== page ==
Madam Chairman and Members of the Oversight Panel, thank you for the opportunity to be here today. I am Alex Pollock, a resident fellow at the American Enterprise Institute, and these are my personal views. Prior to joining AEI five years ago, I spent 35 years in banking, including twelve years as President and CEO of the Federal Home Loan Bank of Chicago. I have both experienced a number of financial crises and studied the instructive history of recurring bubbles and busts.
TARP in Historical Context
I believe the closest historical analogue to TARP is the Reconstruction Finance Corporation (RFC) of the 1930s. Like TARP, the RFC was created under a Republican administration, and expanded under the succeeding Democratic one (in the RFC case, the Hoover and Roosevelt administrations) as an emergency response to financial crisis. In both cases, the original liquidity idea--loans for the RFC, troubled mortgage assets purchases for TARP-- developed into a solvency idea: providing additional equity to banks in the form of preferred stock.
Consider the approaches available to a government to address a financial crisis. First, there is delay in recognizing losses while issuing assurances (for example: "the subprime problems are contained"). Then there are central bank lending operations, providing liquidity. But however freely the central bank lends, it is by definition providing debt, not equity. No matter how much it lends to entities with negative capital, the capital is still negative. When the capital is gone, new capital, not just liquidity, is needed.
The RFC made preferred stock investments in banks to offset the capital which had been lost. Its goal was to have a modest overall positive return on the taxpayers' money and redemption of the preferred stock at par when growth resumed and the firms were refinanced in the private market. By and large, this strategy appears to have succeeded.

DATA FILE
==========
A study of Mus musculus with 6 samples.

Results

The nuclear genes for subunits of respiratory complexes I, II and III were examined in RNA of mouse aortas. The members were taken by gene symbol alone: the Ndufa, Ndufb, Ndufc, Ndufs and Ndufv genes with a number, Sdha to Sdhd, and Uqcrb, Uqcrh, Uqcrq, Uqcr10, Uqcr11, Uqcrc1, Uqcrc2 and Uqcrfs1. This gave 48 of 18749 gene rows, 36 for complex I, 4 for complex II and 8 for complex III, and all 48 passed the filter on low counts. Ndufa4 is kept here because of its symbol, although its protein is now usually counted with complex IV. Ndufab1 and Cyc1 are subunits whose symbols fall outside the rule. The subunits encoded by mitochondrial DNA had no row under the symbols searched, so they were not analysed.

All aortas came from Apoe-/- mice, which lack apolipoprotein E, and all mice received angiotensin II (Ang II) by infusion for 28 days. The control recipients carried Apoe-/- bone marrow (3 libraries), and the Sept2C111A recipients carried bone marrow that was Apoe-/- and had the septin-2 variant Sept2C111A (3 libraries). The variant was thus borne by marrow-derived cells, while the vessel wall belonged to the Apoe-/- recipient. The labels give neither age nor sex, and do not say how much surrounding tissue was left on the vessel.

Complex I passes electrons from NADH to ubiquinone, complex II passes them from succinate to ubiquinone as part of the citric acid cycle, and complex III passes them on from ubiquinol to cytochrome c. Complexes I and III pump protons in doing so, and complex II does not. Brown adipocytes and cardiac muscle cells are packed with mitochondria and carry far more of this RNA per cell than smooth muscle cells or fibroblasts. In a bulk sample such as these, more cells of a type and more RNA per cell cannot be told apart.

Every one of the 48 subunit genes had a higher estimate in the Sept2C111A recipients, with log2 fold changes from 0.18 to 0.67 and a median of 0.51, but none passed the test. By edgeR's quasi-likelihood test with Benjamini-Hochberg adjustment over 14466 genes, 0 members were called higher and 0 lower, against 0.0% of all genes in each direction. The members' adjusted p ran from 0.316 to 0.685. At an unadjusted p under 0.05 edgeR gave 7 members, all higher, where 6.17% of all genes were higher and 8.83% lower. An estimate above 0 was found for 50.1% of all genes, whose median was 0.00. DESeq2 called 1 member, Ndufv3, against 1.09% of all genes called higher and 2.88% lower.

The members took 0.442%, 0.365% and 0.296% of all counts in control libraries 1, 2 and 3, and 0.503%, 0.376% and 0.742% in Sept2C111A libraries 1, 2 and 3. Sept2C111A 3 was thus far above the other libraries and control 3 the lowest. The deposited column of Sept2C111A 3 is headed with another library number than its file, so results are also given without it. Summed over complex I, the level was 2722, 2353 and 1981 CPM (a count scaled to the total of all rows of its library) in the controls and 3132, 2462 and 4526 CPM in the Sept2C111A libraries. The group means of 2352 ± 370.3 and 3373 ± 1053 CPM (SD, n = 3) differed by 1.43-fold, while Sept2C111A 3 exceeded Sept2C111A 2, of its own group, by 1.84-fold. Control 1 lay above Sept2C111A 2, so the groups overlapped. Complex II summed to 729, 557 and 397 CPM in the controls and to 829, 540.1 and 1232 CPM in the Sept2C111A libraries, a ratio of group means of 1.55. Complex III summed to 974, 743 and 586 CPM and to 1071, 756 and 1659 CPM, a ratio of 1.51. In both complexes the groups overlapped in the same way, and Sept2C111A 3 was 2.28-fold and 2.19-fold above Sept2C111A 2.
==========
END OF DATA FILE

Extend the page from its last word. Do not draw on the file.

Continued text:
In September, 2008, when considering the original "Paulson Plan" to buy mortgage assets, I expressed the view that something along the lines of the RFC's preferred stock investments would be a better idea. Of course, this is how TARP then turned out, and it is still my opinion that this is the least-bad approach.
TARP has made equity investments in almost 700 financial companies. The RFC made investments in over 6,000 banks, including such major banks of the day as National City Bank of New York, Chase National Bank, Manufacturers Trust Company, National Bank of Detroit and Continental Illinois. The vast majority of these were retired in full, after paying dividends along the way. The RFC also assisted over 1,000 savings and loans. Counting by the number of financial institutions involved, the RFC was about ten times as big as TARP.
The RFC's bank equity investments totaled about $1.3 billion--scaled to nominal GDP of 1933 vs. 2008, this would be the equivalent of about $325 billion today--comparable to TARP, which has a few gigantic investment positions. The RFC was also involved in numerous other areas, with a total of $10 billion spent fighting the Depression, which would be the GDP-scaled equivalent of about $2.5 trillion.
The RFC, like TARP, got involved in transportation companies. In the RFC's case, this was financing for railroads, said to have been the worst paying of its major investments. This seems likely to be true of TARP's automobile company investments, as well.
Alex J. Pollock is a Resident fellow at AEI.